Just met Liam Healy who’s a graduate of Goldsmiths (just like I’ll be next year!)
Had a good conversation about social/service design. I haven’t got my head around what makes service design any different to a normal service, but through my conversation with him and Adriana Paice, I’ve got a better handle on it. It’s really just about how you frame it with words. Adriana said that service design is more rooted in the community than commercially driven, which is sounds right but I don’t think it will stay that way. Liam said it’s also where the money comes from. But ultimately it’s how you choose to describe it. You have to get the lingo together. Liam calls his work ‘trans-disciplinary’ – that’s what I’m talking about. Making up your own terms to describe what you do. Nobody really understands you apart from a small circle of people. If you explain it in terms of ‘I make stuff’ (even if it’s a system) then people won’t push you too much and leave it at that, but I don’t know… you see I’m still not really confident about this issue. I just feel a bit silly calling the Adopt-a-Grandma project a design project sometimes, although Goldsmiths people would call it that.
Liam called it problem-finding, which is a phrase I quite like now that I know what it means. With a design proposal for a complex problem, you’re not sure if it’s going to work, so it’s not really problem-solving. It’s in your head – who knows if it’s going to work? So you try it out, and it’s a sort of research to see how people react to it – and you find new problems through trying to solve one problem. More issues are uncovered. So some design projects are a way of uncovering issues.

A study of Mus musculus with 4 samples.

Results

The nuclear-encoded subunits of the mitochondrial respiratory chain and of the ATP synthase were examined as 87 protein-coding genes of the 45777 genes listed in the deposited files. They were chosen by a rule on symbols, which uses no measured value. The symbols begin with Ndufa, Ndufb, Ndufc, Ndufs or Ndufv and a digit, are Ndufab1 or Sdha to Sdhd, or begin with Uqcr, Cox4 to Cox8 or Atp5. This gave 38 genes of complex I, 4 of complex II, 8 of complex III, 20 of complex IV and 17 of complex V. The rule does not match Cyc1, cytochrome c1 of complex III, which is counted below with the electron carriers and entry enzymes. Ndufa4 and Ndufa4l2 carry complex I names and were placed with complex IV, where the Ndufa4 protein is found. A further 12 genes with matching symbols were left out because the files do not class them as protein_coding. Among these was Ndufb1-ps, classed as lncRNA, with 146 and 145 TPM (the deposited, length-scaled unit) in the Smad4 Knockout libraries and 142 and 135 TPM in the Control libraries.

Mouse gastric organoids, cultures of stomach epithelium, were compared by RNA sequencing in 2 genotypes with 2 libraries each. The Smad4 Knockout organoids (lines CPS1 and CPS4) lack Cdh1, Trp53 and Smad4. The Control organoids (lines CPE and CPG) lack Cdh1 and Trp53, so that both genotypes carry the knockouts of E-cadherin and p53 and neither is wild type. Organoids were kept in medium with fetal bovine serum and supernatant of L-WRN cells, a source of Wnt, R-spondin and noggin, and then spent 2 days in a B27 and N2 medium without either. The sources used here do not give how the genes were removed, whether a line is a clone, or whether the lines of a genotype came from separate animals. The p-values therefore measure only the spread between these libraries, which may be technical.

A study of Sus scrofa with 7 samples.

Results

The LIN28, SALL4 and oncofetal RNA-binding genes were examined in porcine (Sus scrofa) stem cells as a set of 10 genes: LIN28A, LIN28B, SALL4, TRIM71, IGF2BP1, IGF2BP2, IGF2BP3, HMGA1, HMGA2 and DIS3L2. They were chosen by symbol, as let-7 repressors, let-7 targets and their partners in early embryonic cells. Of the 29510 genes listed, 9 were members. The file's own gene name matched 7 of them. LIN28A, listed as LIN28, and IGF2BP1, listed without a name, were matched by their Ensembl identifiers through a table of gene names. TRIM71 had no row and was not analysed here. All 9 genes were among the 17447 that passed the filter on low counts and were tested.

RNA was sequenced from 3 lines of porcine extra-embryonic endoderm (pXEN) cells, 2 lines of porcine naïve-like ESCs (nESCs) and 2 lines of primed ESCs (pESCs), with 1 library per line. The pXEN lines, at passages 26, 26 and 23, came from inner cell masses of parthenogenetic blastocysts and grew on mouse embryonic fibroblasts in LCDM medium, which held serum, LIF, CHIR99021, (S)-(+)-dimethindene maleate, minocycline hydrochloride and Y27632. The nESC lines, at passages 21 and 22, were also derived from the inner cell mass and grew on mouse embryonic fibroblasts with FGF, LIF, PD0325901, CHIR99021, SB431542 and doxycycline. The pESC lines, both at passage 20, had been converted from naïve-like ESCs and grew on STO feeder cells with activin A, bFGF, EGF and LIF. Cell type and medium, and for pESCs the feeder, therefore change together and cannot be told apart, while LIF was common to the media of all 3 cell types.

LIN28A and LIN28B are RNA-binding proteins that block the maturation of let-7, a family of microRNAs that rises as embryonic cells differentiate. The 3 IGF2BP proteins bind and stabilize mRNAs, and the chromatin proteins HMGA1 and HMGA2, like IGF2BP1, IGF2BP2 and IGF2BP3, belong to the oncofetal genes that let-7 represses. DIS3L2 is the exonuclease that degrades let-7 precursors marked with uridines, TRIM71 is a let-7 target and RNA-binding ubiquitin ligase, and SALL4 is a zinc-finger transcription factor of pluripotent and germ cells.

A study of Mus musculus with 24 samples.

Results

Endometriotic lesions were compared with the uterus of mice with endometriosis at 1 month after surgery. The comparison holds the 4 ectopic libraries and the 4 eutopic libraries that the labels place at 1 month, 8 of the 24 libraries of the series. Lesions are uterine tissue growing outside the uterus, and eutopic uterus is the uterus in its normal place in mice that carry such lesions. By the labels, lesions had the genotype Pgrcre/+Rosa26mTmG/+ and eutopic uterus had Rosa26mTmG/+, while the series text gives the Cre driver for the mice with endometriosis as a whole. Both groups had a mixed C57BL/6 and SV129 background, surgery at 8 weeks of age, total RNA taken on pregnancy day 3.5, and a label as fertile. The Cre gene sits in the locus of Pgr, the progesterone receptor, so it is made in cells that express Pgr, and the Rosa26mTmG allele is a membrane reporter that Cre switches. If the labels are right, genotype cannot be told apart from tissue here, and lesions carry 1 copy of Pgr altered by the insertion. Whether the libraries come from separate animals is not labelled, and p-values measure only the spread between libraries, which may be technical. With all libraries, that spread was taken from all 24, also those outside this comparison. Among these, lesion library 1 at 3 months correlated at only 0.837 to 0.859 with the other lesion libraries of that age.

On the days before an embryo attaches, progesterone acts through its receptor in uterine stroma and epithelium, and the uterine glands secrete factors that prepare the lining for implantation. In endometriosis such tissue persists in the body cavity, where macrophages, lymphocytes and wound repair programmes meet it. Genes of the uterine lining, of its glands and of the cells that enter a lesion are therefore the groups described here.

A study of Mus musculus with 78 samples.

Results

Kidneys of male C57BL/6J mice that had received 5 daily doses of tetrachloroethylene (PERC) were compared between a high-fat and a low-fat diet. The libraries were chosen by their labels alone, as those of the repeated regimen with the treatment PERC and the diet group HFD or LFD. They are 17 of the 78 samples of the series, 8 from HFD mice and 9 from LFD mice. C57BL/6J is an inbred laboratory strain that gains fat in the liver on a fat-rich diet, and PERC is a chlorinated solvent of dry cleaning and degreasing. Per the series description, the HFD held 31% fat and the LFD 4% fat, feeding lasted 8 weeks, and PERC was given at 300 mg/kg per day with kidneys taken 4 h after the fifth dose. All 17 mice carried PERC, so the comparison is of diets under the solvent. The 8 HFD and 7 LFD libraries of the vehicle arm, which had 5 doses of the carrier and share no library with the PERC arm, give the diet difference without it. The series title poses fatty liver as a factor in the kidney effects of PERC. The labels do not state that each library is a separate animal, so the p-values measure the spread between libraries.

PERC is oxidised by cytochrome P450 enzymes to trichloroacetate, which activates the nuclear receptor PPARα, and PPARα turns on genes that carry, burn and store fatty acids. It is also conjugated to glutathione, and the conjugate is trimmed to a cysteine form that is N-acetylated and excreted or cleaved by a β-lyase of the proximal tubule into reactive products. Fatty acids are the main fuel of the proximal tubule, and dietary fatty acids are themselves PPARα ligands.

For example, Jimmy Loizeau’s spy tooth isn’t real but was advertised as real so that people would believe that the technology is possible. Through their reactions to it, we’ve been able to find out about what people think about this sort of controversial issue. Although now I think about it, it’s not that controversial… is it? Anyway, it’s an interesting thing to talk about, and makes you wonder what else they can do with technology. (They being my fellow designers and perhaps one day me!)